Working in the dark

I have incredible access to conservation knowledge right now thanks to my university’s subscriptions to all the online journals. When I go back to work next year I won’t be able to access any of it – so how will I make sure I get the right technical background to support the decisions I’m making in my job?

I’m writing a brief to my fictitious boss of the national biodiversity authority to advise him on a current conservation issue and bring him up to speed on how the latest developments may inform changes in conservation practice (it’s an assignment for my course).

The topic I’m researching is whether we should intensify farming to increase food yields so we don’t need to convert more nature to produce more food, or whether we should make farming more wildlife-friendly. There are plenty of opinions and arguments for which one is best for biodiversity and it’s fascinating…

…but the shocking thing is that if I had been asked to produce this kind of information piece back at my job in the conservation organization I worked for, I couldn’t have. Why? Because conservation organizations (and probably government agencies though I’m not sure) don’t have electronic subscriptions to the journals that publish these papers! How can they/we make informed decisions and keep abreast of the current evidence for the relative merit of various conservation options without online access to the journals?*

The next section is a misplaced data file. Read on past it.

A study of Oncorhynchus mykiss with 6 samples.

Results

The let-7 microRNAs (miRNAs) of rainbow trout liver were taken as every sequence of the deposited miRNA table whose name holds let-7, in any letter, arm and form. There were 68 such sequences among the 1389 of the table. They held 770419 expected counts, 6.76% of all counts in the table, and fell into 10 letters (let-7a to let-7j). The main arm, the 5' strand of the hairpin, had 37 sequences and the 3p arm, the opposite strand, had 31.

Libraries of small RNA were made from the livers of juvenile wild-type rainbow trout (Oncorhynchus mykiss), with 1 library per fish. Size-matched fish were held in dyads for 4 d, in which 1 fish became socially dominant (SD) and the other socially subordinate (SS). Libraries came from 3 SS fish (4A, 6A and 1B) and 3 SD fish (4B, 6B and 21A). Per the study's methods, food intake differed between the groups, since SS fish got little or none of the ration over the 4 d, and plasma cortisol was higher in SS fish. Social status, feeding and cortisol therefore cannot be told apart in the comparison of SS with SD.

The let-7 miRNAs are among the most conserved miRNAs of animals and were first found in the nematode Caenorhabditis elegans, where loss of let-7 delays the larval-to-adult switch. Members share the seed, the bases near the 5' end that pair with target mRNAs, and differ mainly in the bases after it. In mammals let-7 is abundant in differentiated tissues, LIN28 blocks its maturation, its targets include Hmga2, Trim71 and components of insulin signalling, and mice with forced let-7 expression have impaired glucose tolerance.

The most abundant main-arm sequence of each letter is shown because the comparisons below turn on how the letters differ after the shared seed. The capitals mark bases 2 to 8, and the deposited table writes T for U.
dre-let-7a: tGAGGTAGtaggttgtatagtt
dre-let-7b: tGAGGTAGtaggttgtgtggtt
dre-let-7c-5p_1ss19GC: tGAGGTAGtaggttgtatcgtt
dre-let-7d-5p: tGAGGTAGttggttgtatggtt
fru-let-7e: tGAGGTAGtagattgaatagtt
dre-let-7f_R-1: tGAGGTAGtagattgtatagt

This is definitely something that I need to do something about…or we will be doomed to keep making the same mistakes because we are not learning from the rest of the community!

A few ideas:

  • get a donor/company to sponsor a subscription for an organization
  • create a joint scheme for conservation organisations to share subscriptions with some way of limiting access
  • allow just senior level managers of conservation organizations to have access
  • create a mirror search system to facilitate searching but have a limited download policy per organization (technically feasible?)
  • Do you have any ideas?
*By the way, there are a few open access journals that are free to anyone, but most of the ones I’m finding helpful require a subscription. The abstracts (introductory summaries) of all subscription journals can be found online, but that is not enough as many of the leads one gets when reading an article to other related articles are in the main body of text. Conservationists in organizations with print subscriptions simply don’t have time to read on paper because following leads is so much more time-consuming. Online access really is key!

 

3 Replies to “Working in the dark”

  1. “Working in the Dark” poses an interesting challenge. But, put yourself also in the shoes of the publishers of those journals – what a problem they face! Challenged by the internet and people who expect things “free,” how do they keep the business running to pay for those valuable publications? I don’t have the answer, but Frdric Filloux, a French journalist, does an excellent job of addressing the issues in his “Monday Notes” blogposts. Start with this one, about whether print journalism should “stop the presses” tomorrow. http://www.mondaynote.com/2010/03/14/euthanazing-the-paper-not-yet/

  2. That’s a great point -1. All conservation journals should be open access. Period. If they’re not, they’re clearly not reaching their intended audience, which is you!

    2. A good work-around I’ve found is that Google Scholar automatically posts links to any pdf’s available on the internet, even those found in subscription journals. Scientists are eager to share their work (it’s our job!) and often post pdf’s of their publications on their personal websites. Google is kind enough to find these and pop them into search results.